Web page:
When faced with multiple ancestors sporting the same given name, it’s sometimes challenging to determine which one is which. Perhaps the best defense is to identify each identically-named ancestor in more than one way. Just as a hand slips easily into a well-fit glove, determining multiple qualifiers for each individual helps finger the right one.
That, at least, seemed like a sound idea when I thought to apply it to my William Tilson family in Washington County, Virginia. After having followed his sons to—and this detail does not help the differentiation effort—Washington County, Tennessee, William had returned to his old farm in Virginia, where his daughter Janet now lived with her husband, Joseph Cole.
Sounds easy, right? I have two additional identifying relationships to connect with this William to assure I have the right people.
All would have gone swimmingly, if only there were but one Joseph Cole. Apparently, there wasn’t.
Now the task begins to find multiple identifiers to finger the right Joseph Cole. I turned back to the Mercer Tilson genealogy book to pick up some clues. According to The Tilson Genealogy, Janet Tilson—likely born in 1776—had married Joseph Cole and continued to live in the area on what was noted to be “the original William Tilson farm.”
According to that genealogy, the couple had three children. In addition to unnamed twin daughters, for whom no date of birth was supplied, the couple had a son, whom they named Sampson.
An additional note by the author stated his date of birth was “perhaps 1810.”
When trying to gather multiple identifiers for an individual, “perhaps” doesn’t cut it.
“Oh,” you say, “Sampson isn’t that common a given name; this will be sufficient.”
Let’s check Find A Grave to see what trouble is headed our way. Fortunately, the Mercer Tilson narrative includes a separate entry for the son of Joseph and Janet, indicating that Sampson died “about” 1894, and that he was buried in Lutheran Church Cemetery in Saint Clair, Virginia. The book also mentions that he was married to Eliza Cole, and includes the names of several children, so we should have several means of identifying the right man.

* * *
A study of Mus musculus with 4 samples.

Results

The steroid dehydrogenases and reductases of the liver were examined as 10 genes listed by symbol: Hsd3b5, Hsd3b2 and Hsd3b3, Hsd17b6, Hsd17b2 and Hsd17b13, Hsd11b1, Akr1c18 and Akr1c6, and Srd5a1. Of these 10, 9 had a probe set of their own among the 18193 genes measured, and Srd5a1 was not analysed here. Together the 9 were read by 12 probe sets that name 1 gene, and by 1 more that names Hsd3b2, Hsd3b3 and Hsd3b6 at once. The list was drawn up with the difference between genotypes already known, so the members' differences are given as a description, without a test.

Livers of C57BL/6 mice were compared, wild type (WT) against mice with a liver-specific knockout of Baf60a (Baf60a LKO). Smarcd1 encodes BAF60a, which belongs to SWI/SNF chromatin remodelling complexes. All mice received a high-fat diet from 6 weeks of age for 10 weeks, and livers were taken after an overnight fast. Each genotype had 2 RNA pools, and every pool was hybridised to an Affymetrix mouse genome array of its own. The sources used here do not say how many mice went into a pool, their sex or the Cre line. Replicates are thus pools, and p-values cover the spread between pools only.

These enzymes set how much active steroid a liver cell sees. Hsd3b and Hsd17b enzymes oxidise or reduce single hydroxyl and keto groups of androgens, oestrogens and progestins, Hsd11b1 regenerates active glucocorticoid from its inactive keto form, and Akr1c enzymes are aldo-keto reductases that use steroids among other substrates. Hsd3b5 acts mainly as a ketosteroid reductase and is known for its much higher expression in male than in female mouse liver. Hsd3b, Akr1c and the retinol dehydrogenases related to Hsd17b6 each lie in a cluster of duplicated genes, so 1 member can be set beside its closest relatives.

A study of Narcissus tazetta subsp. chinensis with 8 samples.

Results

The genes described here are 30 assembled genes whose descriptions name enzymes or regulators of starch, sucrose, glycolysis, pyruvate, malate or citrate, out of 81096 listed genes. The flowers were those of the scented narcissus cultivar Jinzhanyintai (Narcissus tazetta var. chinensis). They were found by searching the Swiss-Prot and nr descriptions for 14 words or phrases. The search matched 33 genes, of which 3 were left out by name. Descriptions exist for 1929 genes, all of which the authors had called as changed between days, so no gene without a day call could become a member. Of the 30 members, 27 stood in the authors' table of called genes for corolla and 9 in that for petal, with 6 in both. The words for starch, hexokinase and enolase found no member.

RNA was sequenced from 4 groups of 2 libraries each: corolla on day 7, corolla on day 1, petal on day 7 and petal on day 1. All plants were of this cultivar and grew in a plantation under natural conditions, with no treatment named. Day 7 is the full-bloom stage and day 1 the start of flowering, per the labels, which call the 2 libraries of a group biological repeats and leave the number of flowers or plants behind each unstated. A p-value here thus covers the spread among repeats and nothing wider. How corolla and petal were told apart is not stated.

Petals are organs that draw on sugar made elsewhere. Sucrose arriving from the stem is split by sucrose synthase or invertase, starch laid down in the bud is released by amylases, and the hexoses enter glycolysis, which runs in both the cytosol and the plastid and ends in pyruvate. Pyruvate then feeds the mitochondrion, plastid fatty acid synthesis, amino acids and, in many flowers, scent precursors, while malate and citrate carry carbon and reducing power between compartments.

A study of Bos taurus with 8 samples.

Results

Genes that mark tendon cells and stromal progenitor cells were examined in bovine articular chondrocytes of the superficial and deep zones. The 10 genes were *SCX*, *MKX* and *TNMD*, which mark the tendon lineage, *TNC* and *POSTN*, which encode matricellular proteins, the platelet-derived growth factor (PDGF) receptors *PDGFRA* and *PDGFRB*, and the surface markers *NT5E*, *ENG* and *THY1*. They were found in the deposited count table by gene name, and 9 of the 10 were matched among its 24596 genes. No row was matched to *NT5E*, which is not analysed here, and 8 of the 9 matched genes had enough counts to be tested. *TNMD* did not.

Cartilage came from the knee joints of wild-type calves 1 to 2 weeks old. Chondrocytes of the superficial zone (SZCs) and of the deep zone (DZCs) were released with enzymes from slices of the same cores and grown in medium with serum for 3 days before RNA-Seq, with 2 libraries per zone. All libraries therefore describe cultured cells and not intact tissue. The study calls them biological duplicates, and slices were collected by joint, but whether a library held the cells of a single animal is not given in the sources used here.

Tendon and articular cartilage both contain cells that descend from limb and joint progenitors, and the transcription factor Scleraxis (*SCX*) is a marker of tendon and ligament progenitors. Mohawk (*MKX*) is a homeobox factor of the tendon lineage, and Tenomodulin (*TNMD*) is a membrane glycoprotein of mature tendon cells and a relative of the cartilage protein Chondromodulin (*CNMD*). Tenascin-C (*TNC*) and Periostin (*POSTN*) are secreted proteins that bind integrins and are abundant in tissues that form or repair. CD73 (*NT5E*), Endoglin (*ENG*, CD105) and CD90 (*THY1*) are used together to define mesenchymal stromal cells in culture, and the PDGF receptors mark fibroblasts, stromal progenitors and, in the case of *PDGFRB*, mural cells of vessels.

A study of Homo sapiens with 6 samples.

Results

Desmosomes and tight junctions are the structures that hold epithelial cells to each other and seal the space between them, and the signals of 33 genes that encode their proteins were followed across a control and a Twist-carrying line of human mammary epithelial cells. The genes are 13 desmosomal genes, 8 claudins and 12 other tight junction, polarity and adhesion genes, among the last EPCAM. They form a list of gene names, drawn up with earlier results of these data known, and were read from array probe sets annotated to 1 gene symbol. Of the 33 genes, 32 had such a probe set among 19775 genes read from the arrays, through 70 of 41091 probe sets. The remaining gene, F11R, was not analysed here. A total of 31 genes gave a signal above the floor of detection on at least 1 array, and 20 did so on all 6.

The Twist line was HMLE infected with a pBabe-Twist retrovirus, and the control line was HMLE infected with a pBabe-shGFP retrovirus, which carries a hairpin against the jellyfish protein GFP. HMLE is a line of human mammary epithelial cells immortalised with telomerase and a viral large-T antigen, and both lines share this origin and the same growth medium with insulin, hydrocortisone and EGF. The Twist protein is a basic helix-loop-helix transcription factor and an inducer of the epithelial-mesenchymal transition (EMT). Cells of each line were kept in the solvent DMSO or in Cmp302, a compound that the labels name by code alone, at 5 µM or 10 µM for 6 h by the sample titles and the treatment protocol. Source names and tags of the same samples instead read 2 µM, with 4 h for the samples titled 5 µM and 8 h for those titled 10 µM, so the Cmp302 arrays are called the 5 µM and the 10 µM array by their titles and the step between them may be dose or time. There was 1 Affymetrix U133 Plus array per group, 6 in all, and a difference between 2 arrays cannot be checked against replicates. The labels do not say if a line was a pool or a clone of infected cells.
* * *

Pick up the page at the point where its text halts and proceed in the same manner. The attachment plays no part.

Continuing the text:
Right away, we find an entry for a Sampson Cole who was born “perhaps” in 1810 and died “about” 1894—actually, 1811 and 1893. I’d call that close.
While he might have been listed as having a wife named Eliza Cole (check) and several children, some of whose names from the Tilson genealogy matched the Find A Grave listing (check), unfortunately, the helpful Find A Grave volunteer who created Sampson Cole’s memorial noted that Sampson was son of David Mason Cole and Remember Woolsey.
So much for finding the qualifier to help us identify the right Joseph Cole who married William Tilson’s daughter, Janet. The more we struggle with these details, the tighter the snare seems to shut.
Perhaps there was a different Sampson Cole who was son of Joseph and Janet. After all, not being sure whether the “Lutheran Church Cemetery” in the old village designation, “Saint Clair,” would be the same as the Saint James Lutheran Church Cemetery where this Sampson Cole was buried, perhaps I should be looking for a different Sampson.
Using the search engine at Find A Grave, I entered my parameters for any Sampson Cole who died before 1899—just to give a little leeway—and was buried in Virginia. The results handed me a list of four gentlemen by that same name, none of whom had dates of birth or death remotely close to my possibilities—other than the Sampson we’d already located, of course.
Though I had been hoping that a Sampson, married to an Eliza, who was son of Joseph, who was husband of Janet, might provide enough variables to point me in the right direction, that is not how this search is turning out. Apparently—and yes, even with a name like Sampson—it takes more details than these to ascertain that we are talking about the right individual.